Father of Food (that would be my dad) has pretty good knife skills, which I suppose he learned from his mother and improved a bit in a Chinese cooking class he took some 38 years ago, around the time he bought this Henckels 8-inch chef's knife from The Pampered Chef in Miami. We replaced this old, worn knife with a new Henckels 8-inch chef's knife on his birthday several years ago, but on our recent trip to Las Vegas, I found the old one in a drawer, and as you can see from the photo on top, it had been oversharpened so that a hollow had formed in front of the bolster, which is the thick part of a forged knife where the blade meets the handle. Periodically the bolster needs to be ground down to prevent this, but sometimes even professional sharpening services don't do this. The wooden handle has held up surprisingly well without splitting or cracking. I remember Grandmother of Food used to use ancient butcher's knives that probably belonged to her mother and had rubber bands to keep the handles from falling off. I grew up with this knife, and when I went to college some twenty-odd years ago and needed a knife of my own, I bought one just like it in the Henckels Four-star line with a molded polypropylene handle, which I still use every day.
I've been working on refining my sharpening technique and trying a few more advanced projects like grinding bolsters and reshaping worn out knives, so I thought I had nothing to lose by taking this knife back to New York with me and seeing if I could turn it into something usable again. I've reshaped a few old Sabatier carbon steel chef's knives successfully, but they are fairly easy to work. They are thinner than German style knives, so there isn't as much metal to remove, and carbon steel is easier to sharpen than stainless steel like Henckels "Friodur." It turned into a two-day project, and I still consider it a work in progress.
I started by grinding off most of the excess metal at the heel of the blade with a Dremel, cooling the blade in water as I progressed to avoid losing the temper of the steel. When it started looking like a knife again, I switched to a file, refining the curve to get back the characteristic bounce of a good chef's knife, and restoring the bevel along the edge. Then I continued sharpening and refining the edge first on a double-sided coarse/medium oilstone, and finished on a Japanese 1000/6000 grit waterstone. I tried chopping a bit and wasn't getting a good rock. The heel of the knife was striking the board too soon, so it was back to the file, and then another round of sharpening on both double-sided stones, and the result is what you see in the bottom photograph. The profile is narrower like a French-style chef's knife, but it's still got most of the heft of a German-style knife.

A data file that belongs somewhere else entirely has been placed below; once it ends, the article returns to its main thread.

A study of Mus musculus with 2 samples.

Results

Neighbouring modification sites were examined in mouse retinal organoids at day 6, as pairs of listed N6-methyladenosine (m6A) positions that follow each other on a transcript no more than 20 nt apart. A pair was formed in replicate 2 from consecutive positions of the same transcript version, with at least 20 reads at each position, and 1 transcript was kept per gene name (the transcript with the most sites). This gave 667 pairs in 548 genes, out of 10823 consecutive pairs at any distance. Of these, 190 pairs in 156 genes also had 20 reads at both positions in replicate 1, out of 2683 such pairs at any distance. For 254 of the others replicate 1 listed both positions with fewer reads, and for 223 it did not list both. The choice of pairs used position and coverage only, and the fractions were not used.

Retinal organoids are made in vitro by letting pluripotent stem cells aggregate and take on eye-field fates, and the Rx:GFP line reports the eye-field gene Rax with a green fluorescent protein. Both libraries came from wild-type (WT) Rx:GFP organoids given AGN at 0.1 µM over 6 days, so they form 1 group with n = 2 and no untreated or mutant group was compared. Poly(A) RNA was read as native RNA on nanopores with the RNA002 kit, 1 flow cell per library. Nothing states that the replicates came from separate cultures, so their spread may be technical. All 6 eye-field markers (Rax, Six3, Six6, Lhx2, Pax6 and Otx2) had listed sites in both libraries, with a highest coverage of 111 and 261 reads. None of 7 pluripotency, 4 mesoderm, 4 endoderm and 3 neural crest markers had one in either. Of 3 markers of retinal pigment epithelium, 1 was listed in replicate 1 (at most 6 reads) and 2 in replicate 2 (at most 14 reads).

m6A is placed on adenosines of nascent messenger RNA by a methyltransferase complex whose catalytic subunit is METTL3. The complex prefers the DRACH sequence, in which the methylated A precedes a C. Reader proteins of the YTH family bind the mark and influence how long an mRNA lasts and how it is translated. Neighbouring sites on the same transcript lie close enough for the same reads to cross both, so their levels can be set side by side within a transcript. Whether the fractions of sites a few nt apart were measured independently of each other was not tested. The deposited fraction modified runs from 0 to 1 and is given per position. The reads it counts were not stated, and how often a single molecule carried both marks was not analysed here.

I used it to chop some carrots and garlic for dinner, and it felt like meeting an old friend I hadn't seen in a long time. It's not perfect yet, but it's not too bad for a knife that's pushing forty. I think I've got one more curve adjustment to get the rocking motion just right and a couple of more sharpenings to go to get the edge sharp all the way back to the heel of the knife, but except for the last inch or so, the blade is sharper than its been in years. If it turns out that the back part of the blade is too thick to hold an edge, I can still use it for heavy work like chopping through bones. When the edge is right, I'll probably shave a bit off the end of the handle to move the balance forward a bit, and then maybe I'll buff out the scratches on the blade.
Dad's old knife won't replace my newer knives that are in better shape, but my new knives won't take the place of this old friend either.